Yousry “Yost” Zakhary, Director, Woodway, Texas, Public Safety Department
hen we hear about human trafficking, it is easy to think it is not happening in our communities and that federal law enforcement agencies handle those crimes. However, this most often is not the case.
The human trafficking epidemic is a global problem that can and does occur in almost every state and community. Like many of the challenges we face as law enforcement professionals, it is one that calls for a united effort and effective partnerships in order to be truly successful. This was recently demonstrated in June 2014, when the Federal Bureau of Investigation (FBI), working with state, local, and federal law enforcement partners, and the National Center for Missing and Exploited Children (NCMEC) successfully completed Operation Cross Country VIII with 54 FBI field divisions nationwide. The effort included enforcement actions in 106 cities with officers from more than 400 local, state, and federal law enforcement agencies and resulted in the recovery of 168 children who were being victimized through prostitution and the arrest of 281 pimps on state and federal charges.
In fact, since 2003, more than 3,400 children have been rescued in such operations, with 1,450 convictions of traffickers (including 14 life sentences), and more than $3.1 million in assets have been seized from those who traffic in children. As FBI Director James Comey recently stated, “These are not children living in some faraway place, far from everyday life. These are our children. On our streets. Our truck stops. Our motels. These are America’s children.”1
As law enforcement leaders, no matter where you are located or what size agency you lead, there are measures you can take to help combat and prevent human trafficking. Both education and collaboration are key elements to winning the fight against human trafficking. It is imperative that you educate the officers in your agency on human trafficking, both labor and sex trafficking, and how to recognize and respond to it. Your force also needs to be aware of how to investigate both the supply side (pimps and traffickers) and the demand side (buyers) of human trafficking. Both must be stopped in order to make a difference.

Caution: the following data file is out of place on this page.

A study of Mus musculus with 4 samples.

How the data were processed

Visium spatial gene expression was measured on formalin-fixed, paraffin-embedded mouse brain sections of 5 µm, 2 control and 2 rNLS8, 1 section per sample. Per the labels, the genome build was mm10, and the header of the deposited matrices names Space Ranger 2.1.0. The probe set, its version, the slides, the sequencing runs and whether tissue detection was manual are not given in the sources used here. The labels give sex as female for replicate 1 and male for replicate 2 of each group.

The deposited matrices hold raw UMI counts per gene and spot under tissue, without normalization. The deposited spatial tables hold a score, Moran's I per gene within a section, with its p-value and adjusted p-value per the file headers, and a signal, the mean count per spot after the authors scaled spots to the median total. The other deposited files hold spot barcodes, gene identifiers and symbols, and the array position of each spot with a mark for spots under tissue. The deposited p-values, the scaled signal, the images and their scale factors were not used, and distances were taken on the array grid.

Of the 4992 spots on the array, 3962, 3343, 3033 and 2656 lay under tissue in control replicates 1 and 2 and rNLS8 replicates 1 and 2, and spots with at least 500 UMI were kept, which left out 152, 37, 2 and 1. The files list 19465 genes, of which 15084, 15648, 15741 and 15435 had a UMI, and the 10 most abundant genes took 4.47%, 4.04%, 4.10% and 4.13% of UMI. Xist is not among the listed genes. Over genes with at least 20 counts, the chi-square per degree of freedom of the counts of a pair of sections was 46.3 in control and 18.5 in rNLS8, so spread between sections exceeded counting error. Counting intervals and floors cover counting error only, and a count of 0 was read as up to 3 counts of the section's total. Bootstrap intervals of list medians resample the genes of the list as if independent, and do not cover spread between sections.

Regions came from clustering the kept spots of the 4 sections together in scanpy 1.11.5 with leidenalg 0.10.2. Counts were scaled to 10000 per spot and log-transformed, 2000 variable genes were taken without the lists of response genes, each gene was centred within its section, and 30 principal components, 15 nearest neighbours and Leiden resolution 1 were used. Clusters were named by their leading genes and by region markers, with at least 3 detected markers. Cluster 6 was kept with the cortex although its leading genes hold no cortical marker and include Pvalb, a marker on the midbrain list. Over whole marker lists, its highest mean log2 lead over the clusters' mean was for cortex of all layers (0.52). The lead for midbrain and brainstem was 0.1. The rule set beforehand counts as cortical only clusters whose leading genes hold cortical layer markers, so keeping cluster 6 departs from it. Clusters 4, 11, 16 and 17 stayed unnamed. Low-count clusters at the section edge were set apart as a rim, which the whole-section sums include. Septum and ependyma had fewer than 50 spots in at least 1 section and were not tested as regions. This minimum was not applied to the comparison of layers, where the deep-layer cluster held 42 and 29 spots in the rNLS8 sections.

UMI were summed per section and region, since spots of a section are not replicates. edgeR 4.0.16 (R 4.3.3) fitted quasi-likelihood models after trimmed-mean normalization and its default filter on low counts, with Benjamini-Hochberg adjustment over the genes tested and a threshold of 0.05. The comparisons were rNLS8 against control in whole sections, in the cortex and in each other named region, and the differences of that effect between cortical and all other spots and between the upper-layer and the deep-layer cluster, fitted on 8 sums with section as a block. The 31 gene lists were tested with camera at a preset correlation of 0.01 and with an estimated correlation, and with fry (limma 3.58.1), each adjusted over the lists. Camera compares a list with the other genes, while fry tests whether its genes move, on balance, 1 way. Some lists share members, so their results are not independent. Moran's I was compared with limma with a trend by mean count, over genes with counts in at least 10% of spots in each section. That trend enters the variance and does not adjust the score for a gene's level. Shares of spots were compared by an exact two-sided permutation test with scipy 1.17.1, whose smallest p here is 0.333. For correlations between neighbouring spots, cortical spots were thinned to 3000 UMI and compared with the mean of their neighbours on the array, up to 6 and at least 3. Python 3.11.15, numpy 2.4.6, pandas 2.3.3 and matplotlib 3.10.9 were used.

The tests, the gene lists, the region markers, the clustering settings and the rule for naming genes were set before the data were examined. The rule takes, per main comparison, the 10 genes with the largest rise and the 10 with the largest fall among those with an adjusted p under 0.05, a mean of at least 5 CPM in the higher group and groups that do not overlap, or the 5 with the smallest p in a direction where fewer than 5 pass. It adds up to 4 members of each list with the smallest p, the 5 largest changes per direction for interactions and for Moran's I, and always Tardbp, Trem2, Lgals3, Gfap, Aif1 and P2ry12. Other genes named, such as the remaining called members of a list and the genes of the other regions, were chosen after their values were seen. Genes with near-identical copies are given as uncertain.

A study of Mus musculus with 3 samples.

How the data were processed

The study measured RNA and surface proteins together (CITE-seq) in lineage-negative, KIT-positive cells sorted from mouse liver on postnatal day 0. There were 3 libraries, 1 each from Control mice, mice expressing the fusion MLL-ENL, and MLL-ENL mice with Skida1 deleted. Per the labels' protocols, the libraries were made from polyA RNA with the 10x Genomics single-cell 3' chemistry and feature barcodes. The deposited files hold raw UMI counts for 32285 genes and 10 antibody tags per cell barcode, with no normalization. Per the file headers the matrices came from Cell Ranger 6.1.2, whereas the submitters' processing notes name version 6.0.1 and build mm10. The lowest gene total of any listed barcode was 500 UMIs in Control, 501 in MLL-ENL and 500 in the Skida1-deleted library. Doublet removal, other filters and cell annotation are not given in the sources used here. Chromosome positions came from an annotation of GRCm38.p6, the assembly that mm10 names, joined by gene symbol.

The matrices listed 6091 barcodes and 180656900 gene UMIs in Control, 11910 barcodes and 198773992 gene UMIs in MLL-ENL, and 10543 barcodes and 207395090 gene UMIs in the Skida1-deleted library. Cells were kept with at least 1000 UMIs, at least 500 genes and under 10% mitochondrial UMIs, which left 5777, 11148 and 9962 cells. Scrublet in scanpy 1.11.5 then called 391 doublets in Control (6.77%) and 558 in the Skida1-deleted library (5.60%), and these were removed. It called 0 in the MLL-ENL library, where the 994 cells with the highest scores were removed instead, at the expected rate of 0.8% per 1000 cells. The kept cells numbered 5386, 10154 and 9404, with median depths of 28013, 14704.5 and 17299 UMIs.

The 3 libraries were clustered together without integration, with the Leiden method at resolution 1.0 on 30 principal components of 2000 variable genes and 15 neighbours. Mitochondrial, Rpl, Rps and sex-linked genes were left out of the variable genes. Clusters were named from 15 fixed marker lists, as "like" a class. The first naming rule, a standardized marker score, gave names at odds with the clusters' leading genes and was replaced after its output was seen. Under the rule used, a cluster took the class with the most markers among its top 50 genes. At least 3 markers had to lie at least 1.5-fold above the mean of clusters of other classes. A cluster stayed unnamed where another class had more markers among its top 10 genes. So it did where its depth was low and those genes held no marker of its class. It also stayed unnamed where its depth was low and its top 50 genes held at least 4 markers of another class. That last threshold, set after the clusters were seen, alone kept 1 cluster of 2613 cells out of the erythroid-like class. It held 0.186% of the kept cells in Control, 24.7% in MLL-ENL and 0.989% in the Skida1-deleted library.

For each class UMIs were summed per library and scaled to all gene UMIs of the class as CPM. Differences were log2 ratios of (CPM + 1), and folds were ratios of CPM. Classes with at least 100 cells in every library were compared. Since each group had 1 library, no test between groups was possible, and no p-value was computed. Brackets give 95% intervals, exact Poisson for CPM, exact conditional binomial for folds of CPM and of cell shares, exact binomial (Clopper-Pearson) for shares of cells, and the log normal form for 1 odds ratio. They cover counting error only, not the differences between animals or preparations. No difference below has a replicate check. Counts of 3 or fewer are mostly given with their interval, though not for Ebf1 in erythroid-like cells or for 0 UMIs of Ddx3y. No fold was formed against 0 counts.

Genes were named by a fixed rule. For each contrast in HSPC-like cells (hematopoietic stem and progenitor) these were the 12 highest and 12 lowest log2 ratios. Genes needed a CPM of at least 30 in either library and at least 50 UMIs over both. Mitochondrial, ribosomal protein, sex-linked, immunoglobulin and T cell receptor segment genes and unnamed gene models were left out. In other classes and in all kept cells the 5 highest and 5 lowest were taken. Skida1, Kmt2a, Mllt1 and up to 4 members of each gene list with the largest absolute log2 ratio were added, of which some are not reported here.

Community-wide education is also important. Inform your community members and local businesses, such as taxis or other transportation suppliers, hotels and motels, and schools and youth-serving groups how to report human trafficking. Your community is your eyes and ears and can help when it comes to investigation and enforcement.
Strength comes in numbers, so be sure to collaborate with local, regional, and state human trafficking task forces, as well as specialist units and coalitions. These partnerships should also include local partners that provide services for victims of human trafficking, such as advocates, medical practitioners, and faith-based organizations.
As law enforcement leaders, no matter where you are located or what size agency you lead, there are measures you can take to help combat and prevent human trafficking.
Be sure that you check out the several resources that are available to you and your agency to assist in this effort, including the following:
In addition, at the 2014 Annual IACP Conference and Expo in Orlando, Florida, in October, the IACP and the Department of Justice’s Community Oriented Policing Services (COPS) Office, in partnership with the FBI, will be releasing a series of roll call training videos and tools targeted to front-line officers on how to recognize and respond to child sex trafficking.
It is my hope that you will find these resources beneficial as law enforcement professionals and will disseminate them among your colleagues. Together we can work to protect victims and stop the supply and demand of human trafficking. ♦
1James B. Comey, “Keeping America’s Children Safe” (Press Conference on Operation Cross Country VIII, Washington, D.C., June 23, 2014), http://www.fbi.gov/news/speeches/keeping-americas-children-safe (accessed July 18, 2014).
Please cite as:
Yousry “Yost” Zakhary, “Our Fight to Prevent Human Trafficking,” President’s Message, The Police Chief 81 (August 2014): 6.